This is a guest post by Dr. Lorne King Rosenfield, M.D, a plastic surgeon, from Ravishly's special Conversation series on the cosmetic surgery debate. Have a story or perspective you'd like to share? Email firstname.lastname@example.org.
Over the years I’ve been asked many times to participate in reality and other shows “promoting” plastic surgery. And every time I decline. I explain to the instinctively dismayed producer that my patients, my surgeries, and I would be boring. Boring? "How could my plastic surgery be boring?" they ask.
Simply because a good plastic surgery on the right patient is consistently uneventful and the result predictably satisfying: It's not the kind of raw material from whence a modern T.V. show is usually created or an ad sold. In fact, one of my favorite mantras is that “bad plastic surgery is always visible . . . but good plastic surgery is always invisible.” Have you ever noticed how you only seem to see the bad facelifts?
Well, the good ones are out there, they’re just under the radar.
What does this insight have to do with why plastic surgery has become so popular? Well, because, in general, the vast majority of plastic surgeries performed by proper, board-certified plastic surgeons, result in happy patients. What all the weekly magazines and television talk shows feature is beguilingly the opposite: predictably unhappy patients, a post-operative population that actually represents a veritable sliver statistically. So, the general public has been inculcated to believe that too many people are having too much plastic surgery and that the fount is an insidious societal pressure to sacrifice one's body image on the alter of beauty.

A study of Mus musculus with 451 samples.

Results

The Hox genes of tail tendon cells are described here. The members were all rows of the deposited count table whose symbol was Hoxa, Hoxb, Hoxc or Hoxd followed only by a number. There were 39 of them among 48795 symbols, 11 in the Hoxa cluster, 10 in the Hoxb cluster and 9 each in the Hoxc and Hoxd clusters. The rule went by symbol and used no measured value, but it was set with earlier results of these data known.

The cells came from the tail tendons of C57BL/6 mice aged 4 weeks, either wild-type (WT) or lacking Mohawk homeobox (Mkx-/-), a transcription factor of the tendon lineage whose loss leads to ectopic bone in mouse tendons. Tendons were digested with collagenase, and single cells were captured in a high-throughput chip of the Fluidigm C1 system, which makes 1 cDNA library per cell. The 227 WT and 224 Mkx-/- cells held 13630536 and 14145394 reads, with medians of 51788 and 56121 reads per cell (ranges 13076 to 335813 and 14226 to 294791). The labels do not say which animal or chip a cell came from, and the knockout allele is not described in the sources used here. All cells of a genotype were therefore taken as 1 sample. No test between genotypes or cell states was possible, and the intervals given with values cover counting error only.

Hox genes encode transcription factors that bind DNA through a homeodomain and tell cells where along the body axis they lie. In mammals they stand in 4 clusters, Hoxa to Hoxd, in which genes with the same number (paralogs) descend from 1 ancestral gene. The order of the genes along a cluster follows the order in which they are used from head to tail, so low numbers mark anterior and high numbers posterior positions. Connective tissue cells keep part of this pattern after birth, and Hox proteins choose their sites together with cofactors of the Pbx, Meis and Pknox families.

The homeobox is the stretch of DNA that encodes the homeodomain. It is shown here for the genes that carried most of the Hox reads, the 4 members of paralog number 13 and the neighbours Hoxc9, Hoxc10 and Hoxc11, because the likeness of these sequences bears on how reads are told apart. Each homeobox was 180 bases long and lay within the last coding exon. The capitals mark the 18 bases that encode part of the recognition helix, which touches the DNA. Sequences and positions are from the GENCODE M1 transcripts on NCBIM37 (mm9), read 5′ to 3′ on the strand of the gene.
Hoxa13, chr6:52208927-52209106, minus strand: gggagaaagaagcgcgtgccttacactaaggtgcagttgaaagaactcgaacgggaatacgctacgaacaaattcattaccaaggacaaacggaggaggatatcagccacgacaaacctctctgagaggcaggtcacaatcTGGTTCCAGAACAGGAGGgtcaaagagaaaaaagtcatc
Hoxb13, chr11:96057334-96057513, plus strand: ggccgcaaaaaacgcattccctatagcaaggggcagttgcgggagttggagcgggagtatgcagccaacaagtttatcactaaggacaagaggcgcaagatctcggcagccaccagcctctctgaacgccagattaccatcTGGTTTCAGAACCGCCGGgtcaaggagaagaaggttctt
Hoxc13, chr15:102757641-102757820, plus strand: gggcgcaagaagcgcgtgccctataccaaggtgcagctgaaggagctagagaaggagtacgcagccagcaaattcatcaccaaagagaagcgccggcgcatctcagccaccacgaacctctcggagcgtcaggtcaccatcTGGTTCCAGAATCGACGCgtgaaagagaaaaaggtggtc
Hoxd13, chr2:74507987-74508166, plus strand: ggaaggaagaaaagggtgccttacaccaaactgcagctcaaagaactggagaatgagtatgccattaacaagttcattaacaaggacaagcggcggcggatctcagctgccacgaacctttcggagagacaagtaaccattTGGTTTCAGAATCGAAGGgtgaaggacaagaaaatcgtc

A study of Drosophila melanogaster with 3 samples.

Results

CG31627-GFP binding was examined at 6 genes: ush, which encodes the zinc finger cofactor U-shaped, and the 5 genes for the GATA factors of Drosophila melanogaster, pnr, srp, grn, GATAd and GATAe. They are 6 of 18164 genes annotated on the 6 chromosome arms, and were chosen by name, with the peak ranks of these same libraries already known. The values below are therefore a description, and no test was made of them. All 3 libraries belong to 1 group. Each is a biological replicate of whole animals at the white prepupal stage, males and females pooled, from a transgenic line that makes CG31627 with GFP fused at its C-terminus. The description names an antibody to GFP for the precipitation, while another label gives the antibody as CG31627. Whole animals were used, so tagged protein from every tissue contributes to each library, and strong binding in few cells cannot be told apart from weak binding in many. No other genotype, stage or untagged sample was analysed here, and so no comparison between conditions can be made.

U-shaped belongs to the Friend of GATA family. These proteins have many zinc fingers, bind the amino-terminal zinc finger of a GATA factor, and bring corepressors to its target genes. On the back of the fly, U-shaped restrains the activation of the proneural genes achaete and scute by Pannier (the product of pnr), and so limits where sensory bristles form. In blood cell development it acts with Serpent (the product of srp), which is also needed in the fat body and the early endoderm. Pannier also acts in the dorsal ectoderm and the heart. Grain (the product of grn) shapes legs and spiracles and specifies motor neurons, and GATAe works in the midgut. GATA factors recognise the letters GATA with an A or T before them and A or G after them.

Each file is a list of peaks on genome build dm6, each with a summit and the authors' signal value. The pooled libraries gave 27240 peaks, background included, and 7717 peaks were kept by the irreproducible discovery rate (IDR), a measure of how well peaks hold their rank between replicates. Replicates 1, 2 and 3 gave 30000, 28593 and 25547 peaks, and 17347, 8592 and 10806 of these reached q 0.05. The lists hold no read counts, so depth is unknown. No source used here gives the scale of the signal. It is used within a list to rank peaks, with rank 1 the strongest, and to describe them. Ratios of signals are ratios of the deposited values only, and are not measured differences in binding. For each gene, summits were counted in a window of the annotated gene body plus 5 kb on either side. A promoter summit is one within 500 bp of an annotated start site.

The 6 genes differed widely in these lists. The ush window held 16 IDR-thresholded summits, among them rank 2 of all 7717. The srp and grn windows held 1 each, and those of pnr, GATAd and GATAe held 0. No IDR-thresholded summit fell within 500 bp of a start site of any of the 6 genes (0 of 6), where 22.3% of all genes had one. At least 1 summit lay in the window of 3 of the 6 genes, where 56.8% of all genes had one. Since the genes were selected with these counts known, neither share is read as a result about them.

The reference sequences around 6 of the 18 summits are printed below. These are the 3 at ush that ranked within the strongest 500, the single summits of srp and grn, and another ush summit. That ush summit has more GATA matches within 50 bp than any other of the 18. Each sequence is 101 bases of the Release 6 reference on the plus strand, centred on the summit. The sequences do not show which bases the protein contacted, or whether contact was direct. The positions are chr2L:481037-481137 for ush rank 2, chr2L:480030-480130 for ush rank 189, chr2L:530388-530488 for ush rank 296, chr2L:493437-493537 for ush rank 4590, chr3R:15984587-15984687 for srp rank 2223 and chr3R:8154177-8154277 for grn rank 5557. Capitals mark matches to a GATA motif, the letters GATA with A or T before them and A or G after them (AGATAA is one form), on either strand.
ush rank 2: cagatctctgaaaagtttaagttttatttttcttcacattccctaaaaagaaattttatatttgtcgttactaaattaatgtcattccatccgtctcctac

Thereafter, reflexive judgments sustain this common misperception.
Well, with a surgical practice of 27 years that has delivered care to thousands of happy patients and a medical library shelf sagging with the weight of supporting studies, I can say with assurance that the majority of patients are sensible people, like you and I, who have undergone a thoughtful cosmetic surgery and are now happier and more self-confident. And this modern “urge” is not a new phenomenon: Since man and woman first saw their face in a pool of water, body image has been an integral, inexorable element within the psyche of humankind.
And as for the inescapable marketing forces from without, patients should be given far more respect than they currently are. They are not walking around like so many zombies, their decision-making skills solely controlled by the billboard on the freeway or the pop-up ad on their Facebook page. A healthy patient may be exposed to this hyperbolic information, but then they properly temper it with their better internal judgment.
I do not deny that there are patients who are requesting and surgeons who are delivering too much plastic surgery. However, in such instances these same patients should have been properly evaluated by a specialist surgeon and ethically denied care in the first place! In fact, plastic surgery remains unique amongst medical disciplines in which denial of care can be a sign of good care. And when delivered responsibly, plastic surgery can unabashedly be amongst the greatest of the healing arts.
So now, armed with a healthier perspective and a better set of facts, we should ask the same question again: Why has plastic surgery become so popular? Because it works!